March 4, 2024
The Rise of Multisource: Struggles and Opportunities of a New Reality
The Rise of Multisource Chapter 1

Mystifly Founder and CEO Rajeev Kumar recently wrote a landmark article that highlighted the challenges faced by the airline industry as it transitions towards modernized retailing through New Distribution Capability (NDC) and Offer-Order-Settle-Deliver (OOSD). As a seasoned veteran, Rajeev reflected on the evolution over the past 15 years, emphasizing the shift from traditional air selling to a more customer-centric approach that includes ancillaries, bundles, and dynamic pricing. However, he also acknowledged the hurdles, particularly in servicing and managing diverse air content. While the journey towards modernized and seamless air retailing is complex, Rajeev assures it is manageable – with the right technology in place.

In this series, The Rise of Multisource, we pick up Rajeev’s story and explore the new landscape, why it is here to stay, and why it is important – for travel sellers , airlines, and the larger travel ecosystem. We look at the key players and lift the lid on the trends and forces at play.

By 2027, T2RL predicts that the aggregator market will sell a significantly larger number of passengers than it did in 2022, in the region of a 17-fold increase. And the reason? Aggregators make it easier and more profitable for travel sellers to retail flights and extras in today’s landscape.

Travel sellers including brick ‘n’ mortar agents, online travel agencies (OTAs), tour operators, and travel management companies (TMCs) – and more – account for 40%-50% of air ticket sales. But how do these important players get this air content? The answer to this question is intriguing – air content is multisource.


The Origin Story

Most flights are sold via the Global Distribution System (GDS) – a supergiant that for four decades, has successfully helped airlines get products to travel sellers in a one-size-fits-all approach. Respected for its reach, the GDS has an extensive technology footprint across travel seller organizations. Think green screens on agent desktops!

Distributing through the GDS – in the traditional (EDIFACT) way – can consume a large chunk of an airline’s budget. Plus, it is not very flexible. For example, it is difficult for traditional EDIFACT to support non-core products and services such as premium seat selection and in-flight meals. As a result, this star of airline distribution is not as super as it once was.

Airline websites/mobile apps, Low-Cost Carriers (LCC), and NDC have given airlines more options and challenged the one-stop-shop role the GDS once held.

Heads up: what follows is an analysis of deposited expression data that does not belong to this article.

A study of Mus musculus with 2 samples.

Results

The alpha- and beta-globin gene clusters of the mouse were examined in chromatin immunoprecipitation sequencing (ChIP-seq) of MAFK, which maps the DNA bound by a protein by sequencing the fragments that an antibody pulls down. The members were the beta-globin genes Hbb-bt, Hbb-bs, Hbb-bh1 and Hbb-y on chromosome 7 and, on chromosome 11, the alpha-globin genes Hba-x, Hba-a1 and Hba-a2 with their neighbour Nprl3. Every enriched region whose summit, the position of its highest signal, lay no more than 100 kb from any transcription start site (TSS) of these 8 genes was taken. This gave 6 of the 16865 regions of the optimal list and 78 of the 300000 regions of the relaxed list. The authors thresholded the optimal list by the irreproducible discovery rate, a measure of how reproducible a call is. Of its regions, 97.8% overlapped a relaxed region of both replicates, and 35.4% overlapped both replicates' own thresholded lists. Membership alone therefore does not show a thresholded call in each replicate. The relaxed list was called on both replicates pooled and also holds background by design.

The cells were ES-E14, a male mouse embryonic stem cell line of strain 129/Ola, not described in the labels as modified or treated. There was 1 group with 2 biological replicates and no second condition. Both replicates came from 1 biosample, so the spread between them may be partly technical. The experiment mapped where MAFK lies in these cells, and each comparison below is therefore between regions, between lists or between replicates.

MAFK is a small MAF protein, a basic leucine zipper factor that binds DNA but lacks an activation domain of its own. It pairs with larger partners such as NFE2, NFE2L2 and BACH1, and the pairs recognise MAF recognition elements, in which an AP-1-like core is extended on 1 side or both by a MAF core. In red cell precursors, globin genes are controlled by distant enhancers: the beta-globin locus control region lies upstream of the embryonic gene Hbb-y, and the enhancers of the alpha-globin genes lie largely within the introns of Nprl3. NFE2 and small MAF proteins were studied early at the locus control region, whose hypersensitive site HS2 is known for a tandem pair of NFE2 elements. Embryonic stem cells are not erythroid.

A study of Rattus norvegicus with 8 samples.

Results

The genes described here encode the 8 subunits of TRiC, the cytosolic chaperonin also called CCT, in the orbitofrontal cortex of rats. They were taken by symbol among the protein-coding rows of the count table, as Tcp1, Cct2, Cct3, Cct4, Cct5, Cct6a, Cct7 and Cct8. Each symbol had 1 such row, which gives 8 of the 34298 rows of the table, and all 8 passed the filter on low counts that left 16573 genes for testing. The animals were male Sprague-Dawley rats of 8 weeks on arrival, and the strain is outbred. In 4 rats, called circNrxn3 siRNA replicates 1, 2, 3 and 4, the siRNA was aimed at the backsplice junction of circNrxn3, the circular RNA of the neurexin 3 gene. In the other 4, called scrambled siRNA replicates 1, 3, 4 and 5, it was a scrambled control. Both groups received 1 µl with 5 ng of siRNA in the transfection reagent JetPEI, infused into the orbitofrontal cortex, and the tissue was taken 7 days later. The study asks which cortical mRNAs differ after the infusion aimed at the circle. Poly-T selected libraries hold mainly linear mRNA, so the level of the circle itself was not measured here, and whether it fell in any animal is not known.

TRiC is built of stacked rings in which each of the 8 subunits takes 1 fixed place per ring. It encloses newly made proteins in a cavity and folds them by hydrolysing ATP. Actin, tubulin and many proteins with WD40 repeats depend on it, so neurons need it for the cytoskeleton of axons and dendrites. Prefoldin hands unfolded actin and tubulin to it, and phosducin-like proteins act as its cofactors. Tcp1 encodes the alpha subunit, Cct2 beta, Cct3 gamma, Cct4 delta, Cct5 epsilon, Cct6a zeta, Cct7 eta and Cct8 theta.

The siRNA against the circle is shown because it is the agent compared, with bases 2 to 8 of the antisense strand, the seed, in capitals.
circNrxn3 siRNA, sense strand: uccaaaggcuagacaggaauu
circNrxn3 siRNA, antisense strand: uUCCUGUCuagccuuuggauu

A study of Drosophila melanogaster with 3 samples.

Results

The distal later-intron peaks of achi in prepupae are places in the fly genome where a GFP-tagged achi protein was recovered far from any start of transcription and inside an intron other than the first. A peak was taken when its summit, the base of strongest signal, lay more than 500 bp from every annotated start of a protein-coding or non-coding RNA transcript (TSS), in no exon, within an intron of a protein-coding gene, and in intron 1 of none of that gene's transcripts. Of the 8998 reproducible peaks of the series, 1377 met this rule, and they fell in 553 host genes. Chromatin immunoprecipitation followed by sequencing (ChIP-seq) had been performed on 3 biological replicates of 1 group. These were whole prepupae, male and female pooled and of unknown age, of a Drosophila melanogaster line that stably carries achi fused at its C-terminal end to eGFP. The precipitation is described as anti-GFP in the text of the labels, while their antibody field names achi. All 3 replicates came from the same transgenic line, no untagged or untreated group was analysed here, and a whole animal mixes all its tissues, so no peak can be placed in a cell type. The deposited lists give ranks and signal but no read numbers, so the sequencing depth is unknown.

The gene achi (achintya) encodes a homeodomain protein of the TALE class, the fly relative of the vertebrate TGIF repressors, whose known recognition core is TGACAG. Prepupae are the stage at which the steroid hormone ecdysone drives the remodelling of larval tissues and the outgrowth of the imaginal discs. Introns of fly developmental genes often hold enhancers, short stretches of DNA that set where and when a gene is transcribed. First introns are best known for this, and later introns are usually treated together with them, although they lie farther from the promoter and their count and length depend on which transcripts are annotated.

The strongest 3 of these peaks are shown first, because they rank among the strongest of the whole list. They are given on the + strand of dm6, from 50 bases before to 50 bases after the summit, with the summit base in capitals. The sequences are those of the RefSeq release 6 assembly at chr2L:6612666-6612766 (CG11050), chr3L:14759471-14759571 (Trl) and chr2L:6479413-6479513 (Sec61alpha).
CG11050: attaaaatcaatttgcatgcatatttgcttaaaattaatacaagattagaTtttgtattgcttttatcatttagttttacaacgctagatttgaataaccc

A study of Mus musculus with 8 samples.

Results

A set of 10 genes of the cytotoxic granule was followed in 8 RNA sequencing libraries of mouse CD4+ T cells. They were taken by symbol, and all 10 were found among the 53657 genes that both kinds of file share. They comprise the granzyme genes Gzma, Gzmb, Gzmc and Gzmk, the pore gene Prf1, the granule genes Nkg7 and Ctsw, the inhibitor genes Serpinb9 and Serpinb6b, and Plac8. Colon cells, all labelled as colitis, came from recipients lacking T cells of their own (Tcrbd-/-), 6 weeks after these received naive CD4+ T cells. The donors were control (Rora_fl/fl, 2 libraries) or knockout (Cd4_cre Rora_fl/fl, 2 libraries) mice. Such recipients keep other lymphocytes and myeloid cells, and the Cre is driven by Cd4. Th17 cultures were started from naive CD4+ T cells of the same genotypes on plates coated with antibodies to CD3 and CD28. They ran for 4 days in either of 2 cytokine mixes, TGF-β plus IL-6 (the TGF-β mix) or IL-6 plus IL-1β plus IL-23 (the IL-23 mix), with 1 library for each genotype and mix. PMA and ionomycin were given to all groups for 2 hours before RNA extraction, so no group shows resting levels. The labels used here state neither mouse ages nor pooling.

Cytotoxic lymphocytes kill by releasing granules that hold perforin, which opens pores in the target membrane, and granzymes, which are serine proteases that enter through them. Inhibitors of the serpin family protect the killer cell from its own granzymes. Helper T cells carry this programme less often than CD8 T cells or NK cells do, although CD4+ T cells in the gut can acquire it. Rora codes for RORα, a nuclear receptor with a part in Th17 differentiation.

The agile LCCs account for 31% of flights worldwide . As their raison d’être is to keep costs down and run on razor-thin margins, these comets initially skipped the GDS channel in favor of direct sales, such as websites and mobile apps. However, over time, some savvy LCCs have started to use the GDS platforms to tap into new customer segments.

In his article, Rajeev also calls out the transformation movement that began with IATA New Distribution Capability (NDC). Inspired by the success of LCC direct distribution, NDC gave airlines more freedom in terms of how they define and distribute their product offerings. In this nebula of innovation, airlines could now connect directly with travel sellers and use data to create rich, personalized offers dynamically, in real-time — benefitting both travelers and the airline bottom line.

It’s useful to note that although airline retailing was stimulated by NDC, the industry transformation now extends end-to-end across the Offer-Order-Settle-Deliver (OOSD) lifecycle. OOSD is an important trend for travel sellers and we will explore its significance in subsequent articles.

NDC is based on industry standards but in reality, NDC air content is far from standardized. Many versions, inconsistent implementation, and airline-specific workflows have created a diverse and complex domain. It is, however, widely accepted the NDC distribution is here to stay. We will take a look at the why later in this series.


The Sellerverse

Navigating the fragmentation of this new terrain can be tough for travel sellers at the frontiers of retailing. Much of the industry commentary orbits around the perspectives of the airline or a select group of retailing stakeholders, often retail agents, online travel agents (OTAs), and travel management companies (TMCs) – all of which are incredibly important to airlines and end customers. However, the size and scale of the travel seller ecosystem – or sellerverse – is surprising, under-explored and under-represented.

This series will delve into the challenges and solutions relevant to this diverse group that embraces not only ‘Mom and Pop’ shops, online stores, and corporate travel platforms but extends to loyalty programs, eCommerce businesses, banks – and more – who are adding air sales to their product portfolios.


The new aggregators

New frontiers open a wealth of possibilities for those who embrace change. The Rise of Multisource will probe into the size of the opportunity on the table and the solutions available to those who dare to do things differently.

To stay tuned, register for updates here or follow us on LinkedIn.